A new study published in the journal Molecular Psychiatry has raised questions on the effectiveness of anti-depressants on depressed patients. However, there is much more to the study than what meets the eye.

  • Depression can't be traced back to a single cause in every patient
  • A new study questioned the efficacy of anti-depressants for treating depression
  • It has raised questions on the role serotonin plays in recovery from depression


Cutting off ties with friends. Staying in bed all day. Feeling empty and unmotivated. Anyone who notices these signs in their loved ones would probably suspect they are suffering from the dreaded but common mental illness - Depression.

In the past, depression was often misunderstood as black magic, possession by spirit, weakness of mind, poor willpower, an act to gain sympathy or just plain laziness. However, we have made great strides in breaking the stigma against depression in our society.

We’re able to catch the signs early on now but how good are we at understanding it? Probably not as well as we believe. For most of us, the multi-faceted causes of depression, still remain a mystery.


Unlike infectious diseases, there isn’t a one-to-one causal relationship or there isn’t a single factor that leads to depression for all. According to Dr Satish Kumar, MD Psychiatry, (AIIMS) depression has multiple factors behind it including that of ‘chemical imbalance’.

Speaking to Zee News Digital, Dr Kumar explained, “Chemical imbalance theory is one of the multi modal theory of etiology for depression.”

What is the serotonin theory linked to depression?

When patients try to understand the chemical imbalance theory, the term serotonin pops up the most. Serotonin, a mood-regulating neurotransmitter, is widely assumed to be low in depressed patients. Hence, the solution to this is understood to be increasing serotonin in a depressed patient’s brain. But there are disagreements in the scientific community about this link.

New study questions anti-depressants

A new study – “The serotonin theory of depression: a systematic umbrella review of the evidence” published in the scientific journal Molecular Psychiatry has questioned the role the serotonin hypothesis and created a ruckus in the scientific community.

The media has played it out as a big revelation, with a few slamming ‘big pharma’ for imposing Selective Serotonin Reuptake Inhibitors or SSRIs (drugs which are often prescribed to depressed patients) on people for decades.

The study found that depressed patients did not have lower levels of serotonin levels as compared to non-depressed people. So, what does this mean for treatment for depression?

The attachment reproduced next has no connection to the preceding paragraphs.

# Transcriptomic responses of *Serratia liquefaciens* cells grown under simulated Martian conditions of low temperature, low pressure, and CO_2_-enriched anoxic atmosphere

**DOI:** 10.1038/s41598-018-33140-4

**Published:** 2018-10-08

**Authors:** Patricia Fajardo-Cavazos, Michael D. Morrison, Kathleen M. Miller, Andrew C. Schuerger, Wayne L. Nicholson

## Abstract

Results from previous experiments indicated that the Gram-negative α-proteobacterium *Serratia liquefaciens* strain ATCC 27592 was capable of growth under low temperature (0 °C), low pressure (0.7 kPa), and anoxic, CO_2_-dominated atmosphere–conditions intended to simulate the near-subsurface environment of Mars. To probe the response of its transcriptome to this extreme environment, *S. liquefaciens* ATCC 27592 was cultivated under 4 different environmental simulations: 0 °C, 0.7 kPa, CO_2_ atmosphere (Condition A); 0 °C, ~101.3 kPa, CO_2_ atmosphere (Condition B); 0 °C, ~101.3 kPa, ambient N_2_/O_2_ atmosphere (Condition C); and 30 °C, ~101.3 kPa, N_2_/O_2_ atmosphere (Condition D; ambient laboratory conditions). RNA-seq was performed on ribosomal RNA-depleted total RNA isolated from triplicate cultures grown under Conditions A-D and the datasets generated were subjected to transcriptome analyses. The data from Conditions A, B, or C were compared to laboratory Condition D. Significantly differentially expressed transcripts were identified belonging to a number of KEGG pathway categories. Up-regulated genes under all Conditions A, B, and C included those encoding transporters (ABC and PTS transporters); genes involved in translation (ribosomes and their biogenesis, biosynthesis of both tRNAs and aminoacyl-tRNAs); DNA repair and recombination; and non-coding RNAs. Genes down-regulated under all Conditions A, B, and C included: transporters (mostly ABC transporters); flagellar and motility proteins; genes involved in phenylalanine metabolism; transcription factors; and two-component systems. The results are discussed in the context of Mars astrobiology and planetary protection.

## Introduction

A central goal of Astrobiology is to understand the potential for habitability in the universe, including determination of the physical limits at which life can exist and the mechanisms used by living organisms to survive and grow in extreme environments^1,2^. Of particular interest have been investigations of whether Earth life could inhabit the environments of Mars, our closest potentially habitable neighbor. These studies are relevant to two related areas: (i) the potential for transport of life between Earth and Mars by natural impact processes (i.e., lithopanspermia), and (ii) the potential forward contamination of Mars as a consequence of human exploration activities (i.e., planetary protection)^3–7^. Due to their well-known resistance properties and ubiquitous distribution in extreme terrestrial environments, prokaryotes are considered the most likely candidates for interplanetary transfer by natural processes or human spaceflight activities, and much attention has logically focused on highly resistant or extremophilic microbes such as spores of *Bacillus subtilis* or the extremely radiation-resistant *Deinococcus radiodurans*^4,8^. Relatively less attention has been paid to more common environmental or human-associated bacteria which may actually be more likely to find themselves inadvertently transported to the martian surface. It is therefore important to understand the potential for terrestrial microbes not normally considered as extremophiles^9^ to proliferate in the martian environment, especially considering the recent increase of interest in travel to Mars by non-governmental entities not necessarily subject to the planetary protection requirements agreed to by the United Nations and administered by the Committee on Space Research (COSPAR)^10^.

How effective are medications for depression?

Dr Satish Kumar explained that despite all the flak SSRI-based anti-depressants receive, they are “one of the wonder drugs to treat depression” and effective at saving lives from suicide. He further said, “Its mechanism of action via different serotonin receptors is well-proved and documented.”


Major problem with pharmacotherapy

“The major problem in terms of pharmacotherapy-based treatment faced by psychiatrists is non-compliance and frequent relapses due to inadequate follow-up and drug adherence. Sometimes, due to this lengthy process, patient loses momentum and doesn’t follow up. This paints a misconception about pharmacotherapy,” Dr Danda said to Zee News Digital.

Moreover, medicines are not the only option for depressed patients. They can opt for psychotherapy as well based on what their mental health professional deems right.


So, what do patients need to consider when seeking treatment?

In case you get diagnosed with depression, it would be a great idea to go home and research on the illness thoroughly. Better yet, sit with your mental health professional with a bunch of questions to clear any doubts you may have.

Dr Danda feels there is often a lack of education of mental illnesses among patients.

“Education and a patient’s socio-economic status largely affects their understanding of depression and expectations from a psychiatrist. A patient should ideally be psycho-educated about their diagnosed condition and explained their various treatment options. The medications prescribed can improve their condition in various time frames,” he said.

Can we blame serotonin for depression?

As far as the credibility of the serotonin theory, Dr Danda clarified that it isn’t wise to blame a single neurotransmitter for changes in the brain during depression. There are other neurotransmitters like dopamine, norepinephrine, endocannabinoids.